The Challenge of Letting Your Athletic Child Struggle


The Challenge of Letting Your Athletic Child Struggle

One mom’s reflection on letting God have His way

Linsey Smith


I have often reflected on and discussed the importance of stewardship as it pertains to parenting. In my head, I totally understand my role as a shepherd to my three children. I know that I am entrusted with their care for a short time until they become adults. 

I also give a good amount of time to seeing and understanding the role of personal struggle and overcoming hardships in life and the great redemptive value they can have.

However, this worldview and value system does not remove the temptation to absorb inappropriate pride from my children’s accomplishments; in fact, I think it just makes me more aware of the sin. It also does not take away the pain and internal struggle I feel in watching them face their own personal struggle or the desire to jump in and rescue them from it.

You may be surprised to learn that the most recent time I experienced this struggle was with my 5 1/2-year-old daughter at her first gymnastic class (Note: I realize this is only a fraction of what it will be like as she gets older!).

My daughter is a gifted athlete. She has been given many natural physical abilities from God. From the time she was 3 months old, many people confirmed her unusual strength and her persistent spirit.

My identity is not in my gifted daughter’s performance or in what others think of her or me.

So the expectation that she would be a great athlete, if she chose to, has always been there.

But, she is also introverted and shy in new environments with lots of people. This made that first gymnastic class extremely tough for me to sit in the balcony and watch with the other parents.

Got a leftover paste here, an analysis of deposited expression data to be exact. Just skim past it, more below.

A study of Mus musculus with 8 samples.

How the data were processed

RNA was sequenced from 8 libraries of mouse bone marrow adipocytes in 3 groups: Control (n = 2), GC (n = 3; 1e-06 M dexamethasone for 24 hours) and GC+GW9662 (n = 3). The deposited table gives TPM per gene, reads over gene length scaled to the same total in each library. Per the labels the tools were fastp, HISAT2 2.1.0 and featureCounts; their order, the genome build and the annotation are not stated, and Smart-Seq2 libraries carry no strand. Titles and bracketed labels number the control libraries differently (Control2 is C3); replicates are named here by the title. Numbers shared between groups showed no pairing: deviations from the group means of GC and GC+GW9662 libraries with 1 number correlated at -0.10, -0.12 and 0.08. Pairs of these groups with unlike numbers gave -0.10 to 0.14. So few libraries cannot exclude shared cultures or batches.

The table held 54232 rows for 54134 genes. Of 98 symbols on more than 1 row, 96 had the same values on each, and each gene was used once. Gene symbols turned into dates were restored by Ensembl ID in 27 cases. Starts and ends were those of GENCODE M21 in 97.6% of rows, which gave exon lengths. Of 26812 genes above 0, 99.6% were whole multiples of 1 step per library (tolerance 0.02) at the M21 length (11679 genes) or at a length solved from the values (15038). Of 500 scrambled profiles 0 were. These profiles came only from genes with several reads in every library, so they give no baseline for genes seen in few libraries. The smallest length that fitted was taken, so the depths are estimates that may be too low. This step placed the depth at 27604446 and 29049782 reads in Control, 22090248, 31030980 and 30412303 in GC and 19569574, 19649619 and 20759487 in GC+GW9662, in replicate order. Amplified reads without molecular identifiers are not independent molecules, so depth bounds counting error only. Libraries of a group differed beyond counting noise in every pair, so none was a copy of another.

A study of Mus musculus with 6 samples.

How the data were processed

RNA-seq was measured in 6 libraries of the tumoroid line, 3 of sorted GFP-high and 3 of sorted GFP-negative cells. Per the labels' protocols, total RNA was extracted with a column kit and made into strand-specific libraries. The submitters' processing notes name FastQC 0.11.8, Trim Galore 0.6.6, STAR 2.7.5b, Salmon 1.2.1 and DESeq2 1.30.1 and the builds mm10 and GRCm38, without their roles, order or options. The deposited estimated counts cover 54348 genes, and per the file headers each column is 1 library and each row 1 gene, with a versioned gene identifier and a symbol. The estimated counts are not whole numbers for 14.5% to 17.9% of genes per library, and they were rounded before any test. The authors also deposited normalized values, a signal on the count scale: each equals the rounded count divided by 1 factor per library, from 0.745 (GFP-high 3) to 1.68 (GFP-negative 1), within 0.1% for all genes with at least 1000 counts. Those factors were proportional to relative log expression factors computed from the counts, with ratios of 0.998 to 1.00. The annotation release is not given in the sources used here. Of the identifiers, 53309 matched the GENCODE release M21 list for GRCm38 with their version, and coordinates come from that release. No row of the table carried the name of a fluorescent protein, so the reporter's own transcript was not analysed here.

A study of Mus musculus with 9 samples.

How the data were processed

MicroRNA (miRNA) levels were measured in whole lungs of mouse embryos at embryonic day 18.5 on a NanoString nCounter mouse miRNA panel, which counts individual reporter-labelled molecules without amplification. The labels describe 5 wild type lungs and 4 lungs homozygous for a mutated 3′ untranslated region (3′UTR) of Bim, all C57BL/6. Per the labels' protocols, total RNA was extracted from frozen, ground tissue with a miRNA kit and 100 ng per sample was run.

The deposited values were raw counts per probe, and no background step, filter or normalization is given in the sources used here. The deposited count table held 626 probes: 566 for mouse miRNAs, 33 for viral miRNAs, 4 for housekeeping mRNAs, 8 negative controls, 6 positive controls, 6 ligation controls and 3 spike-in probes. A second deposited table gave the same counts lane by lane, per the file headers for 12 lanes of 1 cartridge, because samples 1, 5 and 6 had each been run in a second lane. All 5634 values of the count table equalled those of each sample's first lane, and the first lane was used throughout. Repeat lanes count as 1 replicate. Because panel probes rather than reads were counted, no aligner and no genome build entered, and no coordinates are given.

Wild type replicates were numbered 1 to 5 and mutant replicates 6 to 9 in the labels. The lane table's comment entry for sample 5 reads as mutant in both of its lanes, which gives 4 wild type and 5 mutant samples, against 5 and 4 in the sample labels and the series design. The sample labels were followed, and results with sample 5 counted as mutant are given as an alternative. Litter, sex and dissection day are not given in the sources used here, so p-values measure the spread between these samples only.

She entered into the class a few weeks late and started at a more advanced level because the owner of the gym had seen her at open gym and encouraged us to give her some class experiences. I knew she could do all the skills they would be teaching so watching her cry in the corner of the gym on the lap of the owner was heart-wrenching.

Then as she warmed up over the next half hour she gave minimal effort in the drills which again was so hard to watch because I knew she was so much better than she was showing.

As I sat watching for 75 minutes I had to keep preaching the gospel to myself and reminding myself that my identity is not in my gifted daughter’s performance or in what others think of her or me.

I realized in this experience that my role was to make this about her and her future. If I did not allow her to struggle I would be taking away her chance to feel the pride of overcoming her fears and learning how to give her all. 

That allowing her to struggle would potentially allow her the sense of accomplishment that comes with overcoming her fears and learning how to give her all.

I could not give into the temptation to rescue her from a healthy struggle or let my pride in wanting everyone to see her amazing skill get in the way of the character shaping experience she was having.

This was just a small glimpse into what I know is coming as my children grow up. So many bigger struggles will come. So many more chances for me to give into the temptation to find my value in my children’s successes.

I am leaning heavily on the Lord to guide me, convict me, and provide for me all I need in this amazing responsibility of stewarding my children!